Citizen reporter
2 minute read
27 Apr 2017
12:55 pm

Fuel price to rise next week

Citizen reporter

The Department of Energy has confirmed that the price of petrol in Gauteng will increase by 49c per litre on May 3.

Petrol pump stock image. Picture: Highway Mail.

South African motorists have been hit by several petrol hikes since the beginning of the year, with another scheduled for next Wednesday.

The department of energy has confirmed that the price of petrol will increase by 49c per litre next month.

The department said this was due to the international product prices of petrol increasing during the recent period, as well as the rand having depreciated against the US dollar.

The statement, released on Wednesday, said the price of diesel and illuminating paraffin would also increase next week.

The department added this would likely add to inflationary pressures and could hit consumers’ pockets hard.

In January, motorists were welcomed into the New Year with a hike of 50 cents per litre on fuel.

There were other hikes in February and March. There was also a petrol price decrease between the hikes.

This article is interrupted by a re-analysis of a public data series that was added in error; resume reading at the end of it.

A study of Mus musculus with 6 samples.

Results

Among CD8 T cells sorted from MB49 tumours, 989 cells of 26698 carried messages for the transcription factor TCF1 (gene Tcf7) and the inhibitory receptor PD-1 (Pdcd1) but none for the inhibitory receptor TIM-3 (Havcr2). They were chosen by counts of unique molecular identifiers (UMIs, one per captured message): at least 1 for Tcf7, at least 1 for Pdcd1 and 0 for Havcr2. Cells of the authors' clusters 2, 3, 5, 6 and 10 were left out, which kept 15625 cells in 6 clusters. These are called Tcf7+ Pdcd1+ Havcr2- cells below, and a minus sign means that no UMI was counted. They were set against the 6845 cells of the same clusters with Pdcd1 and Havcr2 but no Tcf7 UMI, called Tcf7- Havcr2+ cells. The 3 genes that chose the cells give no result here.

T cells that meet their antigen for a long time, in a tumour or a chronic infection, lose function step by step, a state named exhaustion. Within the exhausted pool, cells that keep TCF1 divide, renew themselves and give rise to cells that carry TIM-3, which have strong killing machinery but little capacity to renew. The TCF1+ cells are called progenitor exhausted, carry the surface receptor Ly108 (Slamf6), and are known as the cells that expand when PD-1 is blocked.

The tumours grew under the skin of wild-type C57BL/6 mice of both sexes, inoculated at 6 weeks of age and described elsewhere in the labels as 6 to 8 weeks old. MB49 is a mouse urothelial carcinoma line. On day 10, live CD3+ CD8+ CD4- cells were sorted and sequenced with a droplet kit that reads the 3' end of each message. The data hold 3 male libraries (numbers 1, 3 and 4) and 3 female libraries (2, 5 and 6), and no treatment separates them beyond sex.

At the time, business owners warned the hike would certainly have a negative impact on motorists, especially the poor.

In January, the department of energy cautioned consumers about an increase in the price of petrol (93 ULP and LRP) by 50 cents a litre, 95 ULP and LRP by 48 cents a litre, diesel (0.05% sulphur) by 39 cents per litre, diesel (0.005% sulphur) by 37 cents per litre, wholesale price of illuminating paraffin by 43 cents per litre and single maximum national retail price of illuminating paraffin by 58 cents per litre.

Buyani Zwane of Breakthrough Development said the increases would certainly have a negative impact on the poor because when the fuel price increased, transport costs and the price of bread and mealie meal also went up.

Chris Machingura of Machingura Attorneys said the increase in January was “100% bad” and believed the department of energy should consider contributing 40 cents for consumers and allow them to only pay 10 cents per litre more while buying petrol.

Machingura felt the increase was way too much, saying consumers were already stressed financially because last year was not a good year.